Chukat (Diaspora): Grief for Aaron

Why was there greater grief for the passing of Aaron than there was for the passing of Moses? The Chief Rabbi explains.

Chief Rabbi Ephraim Mirvis

Judaism יד לספר תורה. ארכיון
יד לספר תורה. ארכיון

In this week’s Parasha of Chukat, we read about the sad passing of Aharon, Cohen Gadol – Aharon the High Priest. We are told vayivku oto shloshim yom kol Beit Yisrael – the entire house of Israel wept for him for 30 days.

In the last chapter of the Torah, we are told of the passing of Aharon’s brother Moshe. There as well, the people wept for him for 30 days, but we are not told, kol Beit Yisrael, the whole House of Israel. Obviously therefore, the level of the intensity of mourning was far deeper for Aharon than it was for Moshe.

Why is this the case? The sifrei explains that Moshe was a legal authority – he is somebody who had to sometimes disappoint people, come down on people, tell them off. And as a result he was not absolutely popular within every single circle. Aharon however, had a different attitude and outlook.

Hillel, in Pirkei Avot, tells us, Hevei MiTalmidav shel Aharon – we should be the disciples of Aharon, ohev shalom v’rodef shalom, we should love peace and pursue it. Ohev et habriot umerkarvan laTorah. We should love other people and bring them close to Torah.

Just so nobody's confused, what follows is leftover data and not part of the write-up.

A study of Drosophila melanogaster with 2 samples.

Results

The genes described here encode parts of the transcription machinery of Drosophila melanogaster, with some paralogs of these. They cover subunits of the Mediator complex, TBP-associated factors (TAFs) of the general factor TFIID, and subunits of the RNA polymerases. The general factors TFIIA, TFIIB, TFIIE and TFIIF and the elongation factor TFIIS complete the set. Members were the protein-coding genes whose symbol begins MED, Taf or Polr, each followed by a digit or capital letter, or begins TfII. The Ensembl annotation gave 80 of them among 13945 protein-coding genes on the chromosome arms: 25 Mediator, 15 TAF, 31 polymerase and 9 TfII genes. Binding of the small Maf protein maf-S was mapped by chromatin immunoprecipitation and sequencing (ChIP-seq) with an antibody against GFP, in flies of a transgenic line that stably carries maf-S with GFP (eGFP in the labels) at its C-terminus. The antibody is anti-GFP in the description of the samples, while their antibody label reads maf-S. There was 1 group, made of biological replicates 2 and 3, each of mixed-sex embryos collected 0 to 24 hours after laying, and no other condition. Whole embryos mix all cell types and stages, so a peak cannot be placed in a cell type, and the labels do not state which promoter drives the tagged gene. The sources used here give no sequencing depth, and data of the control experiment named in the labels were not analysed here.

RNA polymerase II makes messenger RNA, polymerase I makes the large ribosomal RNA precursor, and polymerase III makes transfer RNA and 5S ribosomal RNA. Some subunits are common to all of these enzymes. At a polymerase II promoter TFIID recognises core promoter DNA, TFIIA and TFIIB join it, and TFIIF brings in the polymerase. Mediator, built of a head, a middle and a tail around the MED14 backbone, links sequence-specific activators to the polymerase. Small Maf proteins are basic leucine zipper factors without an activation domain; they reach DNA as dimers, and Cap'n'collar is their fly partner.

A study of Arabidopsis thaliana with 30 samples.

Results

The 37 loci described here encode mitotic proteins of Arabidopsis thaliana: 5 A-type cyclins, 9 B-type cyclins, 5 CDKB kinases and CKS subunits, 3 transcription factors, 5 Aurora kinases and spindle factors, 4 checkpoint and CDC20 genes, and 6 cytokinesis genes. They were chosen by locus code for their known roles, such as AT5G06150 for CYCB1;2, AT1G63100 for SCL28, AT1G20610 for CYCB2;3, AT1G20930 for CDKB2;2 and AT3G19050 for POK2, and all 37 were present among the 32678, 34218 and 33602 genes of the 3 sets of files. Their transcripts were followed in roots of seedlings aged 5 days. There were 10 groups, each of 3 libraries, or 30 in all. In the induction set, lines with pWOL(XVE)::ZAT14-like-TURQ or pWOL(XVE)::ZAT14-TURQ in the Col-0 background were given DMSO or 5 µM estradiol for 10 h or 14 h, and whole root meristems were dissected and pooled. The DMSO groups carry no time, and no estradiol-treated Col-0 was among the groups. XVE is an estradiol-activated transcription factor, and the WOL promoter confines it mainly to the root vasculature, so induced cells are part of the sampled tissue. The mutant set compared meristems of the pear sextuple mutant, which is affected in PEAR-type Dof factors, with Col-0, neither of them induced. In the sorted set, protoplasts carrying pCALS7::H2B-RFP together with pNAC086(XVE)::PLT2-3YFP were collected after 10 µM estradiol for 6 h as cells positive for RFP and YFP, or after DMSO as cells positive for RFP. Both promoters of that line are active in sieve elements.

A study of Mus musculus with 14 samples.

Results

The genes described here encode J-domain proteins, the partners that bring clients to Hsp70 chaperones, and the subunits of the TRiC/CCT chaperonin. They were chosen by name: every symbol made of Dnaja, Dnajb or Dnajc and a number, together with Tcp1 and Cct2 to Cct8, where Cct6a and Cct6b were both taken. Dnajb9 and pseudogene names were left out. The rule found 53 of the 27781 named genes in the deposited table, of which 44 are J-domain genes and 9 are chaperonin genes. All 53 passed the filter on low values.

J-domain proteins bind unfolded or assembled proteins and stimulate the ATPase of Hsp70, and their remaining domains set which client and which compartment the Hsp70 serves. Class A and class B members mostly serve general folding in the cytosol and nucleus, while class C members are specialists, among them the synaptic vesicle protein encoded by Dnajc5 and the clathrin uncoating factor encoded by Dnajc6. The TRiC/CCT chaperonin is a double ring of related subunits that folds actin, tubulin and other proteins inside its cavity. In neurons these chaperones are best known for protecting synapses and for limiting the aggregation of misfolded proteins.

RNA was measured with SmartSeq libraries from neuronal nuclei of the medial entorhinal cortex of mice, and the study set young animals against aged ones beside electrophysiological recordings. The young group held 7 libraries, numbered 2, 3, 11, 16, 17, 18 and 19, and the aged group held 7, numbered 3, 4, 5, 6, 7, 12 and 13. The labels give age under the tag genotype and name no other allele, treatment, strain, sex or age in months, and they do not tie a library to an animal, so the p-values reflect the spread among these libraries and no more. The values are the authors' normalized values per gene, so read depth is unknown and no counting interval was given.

Hillel’s message is that to bring people closer to Torah, when reproving them, when striving to enable them to improve their deeds, we should first show that we love them. Ohev et habriotcomes before mekarvan laTorah. When you are telling somebody off and they feel ‘Ah, they really hate me or gosh, there is envy, there is bitterness, there is a lot of jealousy’, then they will not take on board what you have to say.

When however they realise that what you are saying emerges from the affection you have for them, and that everything you are doing is in their interest, then they will be willing to listen and to actually activate what you are suggesting.

That was the way of Aharon. People knew that he loved them. And in fact Avot d’Rabbi Natan goes one step further and tells us that there were occasions when Aharon would offer reproof without actually opening his mouth.

Sometimes he would walk past an individual who was doing something inappropriate. Aharon would look disappointed, he would stay schtum, and he would walk on. And that person thought to himself or herself, he is such a lovely fellow, I have let him down, I will not let this happen again. I will improve my ways so that Aharon should be proud of me.

Indeed, let us adopt the lesson of Hillel, to always be like the students of Aharon, to love peace and pursue it and to bring people closer to Torah out of a love for those individuals. If we indeed achieve that, we will be able to change so many lives in a positive and wonderful way.